Swimming is my favorite form of exercise. To feel so weightless while working every muscle in your body is invigorating to me. I’ve been on swim teams since I was twelve, and as an adult I try to swim three times a week; and almost every pool I have used has been indoors.
Is it a miracle I haven’t developed asthma?
For years, studies have shown that children who spend a lot of time in indoor pools have a higher risk of developing asthma than non-swimmers. This is traditionally attributed to the addition of chlorine to the water.
Actually, the problem with chlorinated pools isn’t the chlorine itself, but the gases produced when it combines with organic chemicals like sweat and saliva.
A study in Spain tested a group of 49 participants who either swam or worked at a chlorinated pool. Thirty minutes later, all participants’ urine showed signs of haloacetic acids (HHAs), a dangerous chemical restricted by health and environmental agencies because of its association with cancer and birth defects. HHAs are created when disinfection products (like chlorine) mix with naturally-occurring matter in water.
In another study by Dr. Simone Carbonnelle, 226 healthy school children were exposed to the air around a swimming pool for about 15 minutes a day. The results showed levels of lung tissue damage directly proportional to the amount of time children spent around the pool – sometimes the amount of damage you would expect to see in a heavy smoker.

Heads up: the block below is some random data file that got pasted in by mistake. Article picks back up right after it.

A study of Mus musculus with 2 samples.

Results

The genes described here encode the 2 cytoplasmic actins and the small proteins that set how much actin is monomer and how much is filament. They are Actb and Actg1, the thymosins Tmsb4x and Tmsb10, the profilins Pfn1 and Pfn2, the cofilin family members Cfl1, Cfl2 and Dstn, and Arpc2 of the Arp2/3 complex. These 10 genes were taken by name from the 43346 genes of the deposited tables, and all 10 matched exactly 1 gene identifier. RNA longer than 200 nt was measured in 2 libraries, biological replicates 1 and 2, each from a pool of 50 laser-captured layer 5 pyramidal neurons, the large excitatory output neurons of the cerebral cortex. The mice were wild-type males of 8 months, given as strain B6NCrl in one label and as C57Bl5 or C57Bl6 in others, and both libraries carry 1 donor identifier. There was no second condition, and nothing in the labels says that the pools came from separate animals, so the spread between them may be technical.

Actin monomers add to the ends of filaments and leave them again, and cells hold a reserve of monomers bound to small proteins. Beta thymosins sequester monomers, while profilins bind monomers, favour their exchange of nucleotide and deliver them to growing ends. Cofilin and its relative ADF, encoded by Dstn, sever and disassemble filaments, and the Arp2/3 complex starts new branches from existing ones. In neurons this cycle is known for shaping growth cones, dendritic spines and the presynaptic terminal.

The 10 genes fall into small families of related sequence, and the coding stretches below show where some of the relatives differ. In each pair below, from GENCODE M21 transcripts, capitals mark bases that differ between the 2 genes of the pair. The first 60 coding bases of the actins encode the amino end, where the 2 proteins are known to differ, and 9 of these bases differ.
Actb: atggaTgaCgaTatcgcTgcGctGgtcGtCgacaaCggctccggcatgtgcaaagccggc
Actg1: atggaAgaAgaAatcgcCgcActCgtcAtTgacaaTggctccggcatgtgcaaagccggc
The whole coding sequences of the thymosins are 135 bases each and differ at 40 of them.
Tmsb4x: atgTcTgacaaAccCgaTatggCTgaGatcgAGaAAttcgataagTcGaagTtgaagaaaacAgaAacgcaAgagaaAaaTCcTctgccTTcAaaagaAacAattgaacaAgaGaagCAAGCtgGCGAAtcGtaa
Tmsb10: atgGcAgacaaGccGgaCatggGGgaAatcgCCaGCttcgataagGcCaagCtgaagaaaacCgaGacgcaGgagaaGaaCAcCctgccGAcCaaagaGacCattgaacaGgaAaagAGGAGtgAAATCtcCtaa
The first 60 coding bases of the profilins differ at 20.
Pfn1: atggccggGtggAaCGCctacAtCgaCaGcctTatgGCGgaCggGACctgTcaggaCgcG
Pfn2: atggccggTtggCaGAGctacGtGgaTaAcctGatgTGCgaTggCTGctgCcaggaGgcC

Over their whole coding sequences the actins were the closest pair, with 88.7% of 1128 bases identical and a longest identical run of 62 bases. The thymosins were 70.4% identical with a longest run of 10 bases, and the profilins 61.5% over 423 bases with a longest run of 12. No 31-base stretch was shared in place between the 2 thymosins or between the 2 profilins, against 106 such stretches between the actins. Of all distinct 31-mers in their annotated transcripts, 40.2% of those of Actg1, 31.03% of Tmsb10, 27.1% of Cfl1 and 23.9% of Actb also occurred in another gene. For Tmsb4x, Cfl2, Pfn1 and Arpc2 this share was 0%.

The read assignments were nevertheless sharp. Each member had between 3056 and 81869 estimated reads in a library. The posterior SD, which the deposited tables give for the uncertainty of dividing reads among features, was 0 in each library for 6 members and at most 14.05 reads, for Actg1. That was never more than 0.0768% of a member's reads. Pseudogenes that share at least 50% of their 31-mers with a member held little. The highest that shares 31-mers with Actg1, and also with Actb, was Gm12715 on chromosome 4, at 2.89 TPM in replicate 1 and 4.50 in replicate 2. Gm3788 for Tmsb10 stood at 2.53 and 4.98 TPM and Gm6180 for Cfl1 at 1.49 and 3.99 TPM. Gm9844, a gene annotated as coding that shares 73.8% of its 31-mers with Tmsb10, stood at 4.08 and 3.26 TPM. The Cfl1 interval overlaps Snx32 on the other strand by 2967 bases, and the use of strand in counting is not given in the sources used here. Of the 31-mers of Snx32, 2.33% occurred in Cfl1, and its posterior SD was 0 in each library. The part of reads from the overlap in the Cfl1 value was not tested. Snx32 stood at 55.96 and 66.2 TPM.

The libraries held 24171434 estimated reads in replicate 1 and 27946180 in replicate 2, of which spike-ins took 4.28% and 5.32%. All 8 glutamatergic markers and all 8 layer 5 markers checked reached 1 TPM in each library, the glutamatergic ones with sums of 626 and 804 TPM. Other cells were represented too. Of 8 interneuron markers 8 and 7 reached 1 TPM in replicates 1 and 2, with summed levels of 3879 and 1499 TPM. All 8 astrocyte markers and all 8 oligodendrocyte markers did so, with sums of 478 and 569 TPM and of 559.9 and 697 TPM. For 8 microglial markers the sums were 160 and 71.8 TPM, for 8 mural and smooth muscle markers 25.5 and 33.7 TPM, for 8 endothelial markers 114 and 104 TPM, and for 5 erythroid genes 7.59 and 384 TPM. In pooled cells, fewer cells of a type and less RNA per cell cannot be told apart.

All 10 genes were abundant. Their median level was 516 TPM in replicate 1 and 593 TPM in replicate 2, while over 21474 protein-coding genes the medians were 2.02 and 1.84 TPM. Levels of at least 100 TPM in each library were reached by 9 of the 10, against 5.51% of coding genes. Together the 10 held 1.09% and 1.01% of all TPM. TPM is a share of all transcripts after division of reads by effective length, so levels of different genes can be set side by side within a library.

So how can you avoid the risks associated with chlorine without giving up the health benefits of swimming? Be choosy where you swim.
First, the air quality of an indoor pool shouldn’t be poor. High humidity levels encourage mold growth, which aggravates the respiratory system. Indoor pools also need to be well-ventilated; airflow about the pool surface helps disperse any dangerous chemicals.
Another solution is to avoid chlorinated pools altogether.
A popular alternative to chlorine pools is saline pools. In these pools, salt is added to the water every few months. It is broken down inside a cell chamber, producing a stream of chlorine gas that sanitizes the pool.
That’s right! Saline pools aren’t chlorine-free. However, they use chlorine in such a way that harmful byproducts like HAAs aren’t a factor. If the chlorine mixes with organic matter to produce any harmful substances, more chlorine is quickly pumped through that destroys them. This eliminates the primary health risk of chlorinated pools.
If you have high sensitivities to allergies to chlorine, consider other types of pools. Some pools use ionization (positively-charged coils that purify the water). Others use activated carbon filters to keep harmful chemicals from releasing into the air.
But remember: if you have reactions to chlorinated pools, there is a good chance you are reacting to other chemicals and byproducts in the pool – not the chlorine itself.
For a directory of non-chlorine pools around the world, go to http://piscinasana.wikidot.com/.
So how does an avid swimmer like me avoid asthma for over fifteen years? Lucky genes could be a part of it. But I also make a point to swim in saline pools, and before joining, I always ask how they maintain the air quality.
Do you or your children swim in chlorinated pools? Have you switched to saline pools or some non-chlorine alternative? Tell us your story in the comments section below!